On September 7, 1927, 19-year-old Philo T. Farnsworth created the first television system that could not only display, but also transmit signals between separate rooms. Now more than 80 years later, another historic date in broadcast transmissions is upon us. On February 17, 2009, all full-power broadcast television stations in the United States will stop broadcasting on analog airwaves and begin broadcasting only in digital.
“Congress enacted this as part of the Digital Television Act of 2005 and it was signed into law in 2006,” says FCC commissioner Robert M. McDowell. “Part of the rationale is that it’s more efficient to use digital technologies, and they take up less of the spectrum than analog technologies.” What the changeover means is that any viewers who currently rely on antennas or “rabbit ears” to watch television will no longer get a broadcast signal unless they get a converter box.
Before you start panicking that you won’t be able to watch your favorite shows come February sweeps time, don’t fret. Condos and co-ops throughout the tri-state area have already begun preparing for the changeover, and every building should have all the equipment necessary to broadcast digitally by the time February 17th rolls around. In the meantime, a little information might be helpful.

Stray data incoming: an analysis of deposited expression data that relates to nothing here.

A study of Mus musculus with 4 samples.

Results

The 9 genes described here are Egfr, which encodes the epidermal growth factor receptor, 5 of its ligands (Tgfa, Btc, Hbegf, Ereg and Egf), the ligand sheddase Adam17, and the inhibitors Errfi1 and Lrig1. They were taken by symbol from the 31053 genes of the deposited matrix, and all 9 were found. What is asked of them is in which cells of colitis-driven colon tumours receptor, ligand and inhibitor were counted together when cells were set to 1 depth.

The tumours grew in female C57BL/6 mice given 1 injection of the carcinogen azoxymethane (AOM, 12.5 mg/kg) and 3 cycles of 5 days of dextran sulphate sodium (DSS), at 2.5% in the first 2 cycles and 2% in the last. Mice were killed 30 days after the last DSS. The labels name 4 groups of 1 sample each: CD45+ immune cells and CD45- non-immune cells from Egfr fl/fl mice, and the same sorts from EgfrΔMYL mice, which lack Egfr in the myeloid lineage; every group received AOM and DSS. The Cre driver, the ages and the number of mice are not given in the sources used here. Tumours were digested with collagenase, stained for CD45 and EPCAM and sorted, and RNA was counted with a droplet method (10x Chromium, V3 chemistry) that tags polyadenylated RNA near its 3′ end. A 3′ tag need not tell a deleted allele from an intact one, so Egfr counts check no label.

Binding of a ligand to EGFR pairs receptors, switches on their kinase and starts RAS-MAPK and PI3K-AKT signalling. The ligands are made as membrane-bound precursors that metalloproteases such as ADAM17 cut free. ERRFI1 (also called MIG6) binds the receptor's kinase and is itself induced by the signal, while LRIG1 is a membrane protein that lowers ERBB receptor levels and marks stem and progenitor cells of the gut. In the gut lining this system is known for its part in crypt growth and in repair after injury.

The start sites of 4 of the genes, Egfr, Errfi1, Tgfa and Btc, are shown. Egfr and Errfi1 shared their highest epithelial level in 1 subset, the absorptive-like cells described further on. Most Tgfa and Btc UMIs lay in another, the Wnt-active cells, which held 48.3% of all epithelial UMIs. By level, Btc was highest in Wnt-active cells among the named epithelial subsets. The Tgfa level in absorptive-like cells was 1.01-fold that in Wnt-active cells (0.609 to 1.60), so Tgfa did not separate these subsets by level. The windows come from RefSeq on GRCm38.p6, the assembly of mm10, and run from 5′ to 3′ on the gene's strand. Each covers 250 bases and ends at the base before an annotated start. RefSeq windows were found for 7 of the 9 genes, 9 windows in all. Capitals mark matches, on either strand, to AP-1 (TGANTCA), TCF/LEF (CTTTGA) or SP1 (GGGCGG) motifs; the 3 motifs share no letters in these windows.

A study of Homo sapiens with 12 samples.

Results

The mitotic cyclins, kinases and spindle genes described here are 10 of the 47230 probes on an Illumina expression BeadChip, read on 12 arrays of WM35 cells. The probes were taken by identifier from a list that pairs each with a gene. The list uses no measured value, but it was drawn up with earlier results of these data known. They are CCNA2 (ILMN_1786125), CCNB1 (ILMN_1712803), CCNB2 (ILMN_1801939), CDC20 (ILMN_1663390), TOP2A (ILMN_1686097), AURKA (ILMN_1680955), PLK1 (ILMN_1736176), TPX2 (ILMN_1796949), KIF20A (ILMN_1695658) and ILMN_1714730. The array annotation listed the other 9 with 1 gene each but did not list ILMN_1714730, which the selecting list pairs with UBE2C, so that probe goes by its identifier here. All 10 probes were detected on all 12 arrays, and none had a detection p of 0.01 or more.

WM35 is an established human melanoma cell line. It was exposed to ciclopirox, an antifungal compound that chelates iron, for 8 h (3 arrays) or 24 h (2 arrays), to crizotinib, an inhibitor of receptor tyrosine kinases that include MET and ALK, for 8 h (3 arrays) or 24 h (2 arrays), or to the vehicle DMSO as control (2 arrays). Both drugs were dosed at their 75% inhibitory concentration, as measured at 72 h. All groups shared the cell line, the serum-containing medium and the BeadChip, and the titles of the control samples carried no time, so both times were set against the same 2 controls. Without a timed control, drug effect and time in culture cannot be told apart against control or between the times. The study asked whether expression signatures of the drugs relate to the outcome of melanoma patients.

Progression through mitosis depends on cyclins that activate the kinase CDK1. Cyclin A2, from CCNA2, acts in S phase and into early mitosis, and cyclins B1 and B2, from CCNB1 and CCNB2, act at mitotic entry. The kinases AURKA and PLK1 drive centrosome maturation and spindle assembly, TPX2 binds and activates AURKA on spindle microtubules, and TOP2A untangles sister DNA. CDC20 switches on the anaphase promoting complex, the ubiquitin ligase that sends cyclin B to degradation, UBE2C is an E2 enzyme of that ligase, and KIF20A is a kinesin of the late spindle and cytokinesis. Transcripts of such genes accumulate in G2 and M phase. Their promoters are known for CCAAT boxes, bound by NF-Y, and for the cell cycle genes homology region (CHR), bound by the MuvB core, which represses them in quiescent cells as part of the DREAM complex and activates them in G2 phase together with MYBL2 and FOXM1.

While it may seem crazy to some that many viewers still watch TV the old-fashioned way and haven’t made the switch to cable, not everyone needs that many channels—and not everybody can afford them.
The expiring analog channels in most cases allow for up to 21 channels, including all the major networks. The main job for condos, co-ops, and homeowner associations in dealing with the changeover is to hire a master antenna service provider to update the equipment that is sitting on their roofs.